As it currently stands, seven new Microsoft Windows Server 2003 certification exams are scheduled for beta testing in the months of June and August. I’ll briefly run through the purpose for each of those exams and then compare their objectives to provide a list of the top 10 subject areas you should focus on to be ready to upgrade your certification.

Two of the new exams are upgrades for existing certifications. The others will be a part of a track toward certification under the new operating system for those not already holding a Microsoft MCSA or MCSE certification. All of the exams are geared toward administrators who have experience using the network operating system in an environment supporting at least 250 users in at least three physical locations with a minimum of three domain controllers.

The exams
The seven new exams soon to be making their first appearance, in numerical order, are:

Areas of focus
The key topics for these exams overlap a great deal. Not only does this signal the overall importance of the topics, but also provides you with a means of optimizing your studies. For example, when a topic appears on three exams, you should breathe easier knowing that the time you must invest in mastering that topic for one exam will be offset by time you don’t have to spend doing the same for two other exams.

With that said, the following list consists of the top 10 topic areas you should begin to master now. Doing so will prepare you to authenticate your skills with the new network operating system when the upcoming exams release:

#1: Recognize the importance of IPSec security
Almost anytime you see the phrase “network security” as part of a topic (domain/objective), IPSec falls into one or more of the subobjectives. One of the first places to turn for information to get you on the right track in mastering this subject is “How to: Configure IPSec Tunneling in Windows Server 2003.” To round out the security domain, you should also read the document “Security Innovations in Windows Server 2003.”

#2: Understand PKI
Just as “network security” so often implies IPSec, “security infrastructure” implies Public Key Infrastructure (PKI). Start with the “Technical Overview of Windows Server 2003 Security Services” and then read the secedit commands.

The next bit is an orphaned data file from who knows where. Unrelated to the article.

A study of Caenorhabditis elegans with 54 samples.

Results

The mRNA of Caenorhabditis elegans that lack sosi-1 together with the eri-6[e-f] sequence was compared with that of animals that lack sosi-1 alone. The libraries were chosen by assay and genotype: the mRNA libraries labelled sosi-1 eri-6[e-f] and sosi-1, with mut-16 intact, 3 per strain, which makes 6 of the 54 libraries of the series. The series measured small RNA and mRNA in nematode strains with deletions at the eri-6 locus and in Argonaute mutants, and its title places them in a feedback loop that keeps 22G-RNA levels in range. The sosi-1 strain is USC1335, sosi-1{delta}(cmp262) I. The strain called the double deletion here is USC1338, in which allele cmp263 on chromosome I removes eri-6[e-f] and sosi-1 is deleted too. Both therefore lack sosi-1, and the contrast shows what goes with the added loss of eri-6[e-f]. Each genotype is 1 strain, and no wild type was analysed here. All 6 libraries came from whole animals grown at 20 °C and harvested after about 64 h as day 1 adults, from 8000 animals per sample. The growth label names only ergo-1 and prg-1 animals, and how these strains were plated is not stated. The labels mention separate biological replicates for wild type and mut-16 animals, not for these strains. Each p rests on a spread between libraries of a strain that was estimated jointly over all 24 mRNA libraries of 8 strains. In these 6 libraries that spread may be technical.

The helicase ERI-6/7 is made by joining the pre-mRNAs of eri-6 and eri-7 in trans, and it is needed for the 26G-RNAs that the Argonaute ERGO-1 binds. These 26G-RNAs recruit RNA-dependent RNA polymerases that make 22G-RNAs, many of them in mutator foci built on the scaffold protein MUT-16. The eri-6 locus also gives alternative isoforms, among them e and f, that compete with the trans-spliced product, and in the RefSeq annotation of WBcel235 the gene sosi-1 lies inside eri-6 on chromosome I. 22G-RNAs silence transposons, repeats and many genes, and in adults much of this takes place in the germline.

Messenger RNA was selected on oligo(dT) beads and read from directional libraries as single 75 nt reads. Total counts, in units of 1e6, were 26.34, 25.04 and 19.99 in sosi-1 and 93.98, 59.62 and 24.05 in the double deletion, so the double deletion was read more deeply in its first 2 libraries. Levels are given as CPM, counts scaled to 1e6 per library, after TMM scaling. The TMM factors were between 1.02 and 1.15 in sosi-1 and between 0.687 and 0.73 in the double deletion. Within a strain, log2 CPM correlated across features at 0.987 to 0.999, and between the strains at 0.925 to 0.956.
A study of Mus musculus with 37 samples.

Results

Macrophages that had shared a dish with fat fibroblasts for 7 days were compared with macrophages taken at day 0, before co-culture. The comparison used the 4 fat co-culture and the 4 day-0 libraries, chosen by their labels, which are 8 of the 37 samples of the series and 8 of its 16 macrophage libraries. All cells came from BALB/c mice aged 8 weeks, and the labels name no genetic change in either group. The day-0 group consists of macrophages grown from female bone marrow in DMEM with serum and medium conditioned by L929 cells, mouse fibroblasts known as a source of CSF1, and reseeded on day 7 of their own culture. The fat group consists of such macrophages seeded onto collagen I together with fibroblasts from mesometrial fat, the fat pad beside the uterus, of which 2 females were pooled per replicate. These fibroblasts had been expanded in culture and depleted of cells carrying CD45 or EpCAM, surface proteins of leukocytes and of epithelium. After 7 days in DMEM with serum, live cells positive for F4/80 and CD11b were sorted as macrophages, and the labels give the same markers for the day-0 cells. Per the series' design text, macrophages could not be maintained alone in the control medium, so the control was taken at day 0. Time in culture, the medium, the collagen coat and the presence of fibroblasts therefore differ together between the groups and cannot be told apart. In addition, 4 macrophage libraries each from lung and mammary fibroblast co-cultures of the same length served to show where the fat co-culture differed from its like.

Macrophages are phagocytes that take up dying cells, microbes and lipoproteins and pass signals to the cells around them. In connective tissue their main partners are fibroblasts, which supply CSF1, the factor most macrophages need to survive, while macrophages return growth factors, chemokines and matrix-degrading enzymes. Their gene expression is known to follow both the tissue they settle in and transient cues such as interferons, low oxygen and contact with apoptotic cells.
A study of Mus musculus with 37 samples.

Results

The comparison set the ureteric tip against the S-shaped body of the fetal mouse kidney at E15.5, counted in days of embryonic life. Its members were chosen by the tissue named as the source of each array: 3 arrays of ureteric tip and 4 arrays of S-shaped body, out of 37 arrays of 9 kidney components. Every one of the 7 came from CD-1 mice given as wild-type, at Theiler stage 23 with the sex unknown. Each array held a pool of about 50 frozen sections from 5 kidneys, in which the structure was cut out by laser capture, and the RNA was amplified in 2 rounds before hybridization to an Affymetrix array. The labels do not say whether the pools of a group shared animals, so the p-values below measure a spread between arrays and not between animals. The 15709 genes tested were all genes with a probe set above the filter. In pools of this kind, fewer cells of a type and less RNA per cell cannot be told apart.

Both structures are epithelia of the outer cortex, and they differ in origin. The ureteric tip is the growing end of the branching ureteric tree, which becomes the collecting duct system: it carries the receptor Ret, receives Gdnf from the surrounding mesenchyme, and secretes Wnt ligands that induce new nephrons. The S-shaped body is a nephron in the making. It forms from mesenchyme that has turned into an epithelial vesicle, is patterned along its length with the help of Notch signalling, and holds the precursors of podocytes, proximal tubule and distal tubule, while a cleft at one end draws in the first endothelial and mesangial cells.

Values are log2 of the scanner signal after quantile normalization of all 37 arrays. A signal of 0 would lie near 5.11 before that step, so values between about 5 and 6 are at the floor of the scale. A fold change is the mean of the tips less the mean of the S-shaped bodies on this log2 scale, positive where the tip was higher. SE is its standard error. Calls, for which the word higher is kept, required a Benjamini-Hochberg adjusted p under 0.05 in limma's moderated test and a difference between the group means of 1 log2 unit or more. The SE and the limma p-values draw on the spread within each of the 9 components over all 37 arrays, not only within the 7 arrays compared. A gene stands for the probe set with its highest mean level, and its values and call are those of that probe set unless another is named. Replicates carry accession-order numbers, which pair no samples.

#3: Know what Active Directory can now do
All vendors like to use their certification exams as extensions of their marketing tools. As a result, they do not ask questions that point out flaws in the network operating system. Instead, they ask questions about how much greater their features are than they were or how they are better than a competitor’s. With the release of Windows 2003, Active Directory has some new tools and features you should become familiar with.

#4: Know the improvements to networking
As simple as TCP/IP and its components have become to implement and configure, Microsoft is always looking for ways to make improvements. When steps are simplified, they often have a way of becoming test fodder, so be sure to download the “Technical Overview of Windows Server 2003 Networking and Communications.”

#5: Realize the steps necessary to upgrade
What’s the use of releasing a new network operating system if those you certify in it don’t know how to upgrade from the previous NOS? Expect to see some questions on differences between 2000 and 2003, which you can find in the reviewer’s guide. You’ll also spot more questions about how to move from Windows 2000 to Windows 2003. For this, you should study the white paper “Upgrading from Windows 2000 Server to Windows Server 2003.”

#6: Understand software and updating
This topic includes not only software updates, but also the security of updating. Common sense factors in a great deal here. Microsoft wants you to keep software updated and to place security above everything else. You will benefit from reading “Guide to Application Compatibility Changes in Windows Server 2003.”

#7: Know the fundamentals of Terminal Services
A few new items have been added to TS this time around, and there are features of Windows XP that can be integrated. For an in-depth explanation, read the “Technical Overview of Windows Server 2003 Terminal Services.”

#8: Be familiar with disaster recovery
No longer confined to a RAID implementation (but you better still know the levels), there is now Automated System Recovery (ASR). ASR allows a single-step restore of the OS, system state, and hardware configuration in case disaster strikes. As of this writing, there are no specific postings of any value to study for this topic on Windows 2003. However, ASR became available with the release of Windows XP, and you can learn about the technology by reading “How to Set up and Use Automated System Recovery in Windows XP.”

#9: Appreciate “high availability”
Most of the time, high availability implies the use of a cluster and/or load balancing. But it’s not enough to understand this concept. You’ll need to know the tools and when to use them. To get a jump on this information, read “Technical Overview of Windows Server 2003 Clustering Services.”

#10: Comprehend the possibilities of Group Policy
Although actually a subset of Active Directory, Group Policy goes a long way toward making large systems manageable. It’s also a technology that Microsoft is extremely proud of. Start your studies with the “Group Policy Infrastructure White Paper” and supplement that with the download “Troubleshooting Group Policy in Windows Server 2003.”

Emmett’s recommendation
Microsoft Windows Server 2003 is a network OS that will be easing its way into large enterprises for the next several years. As it gains acceptance, the need for certified administrators will grow. The certification exams for this technology are scheduled to go to beta this summer, and with a bit of study, you can get a jump-start on your certification preparations.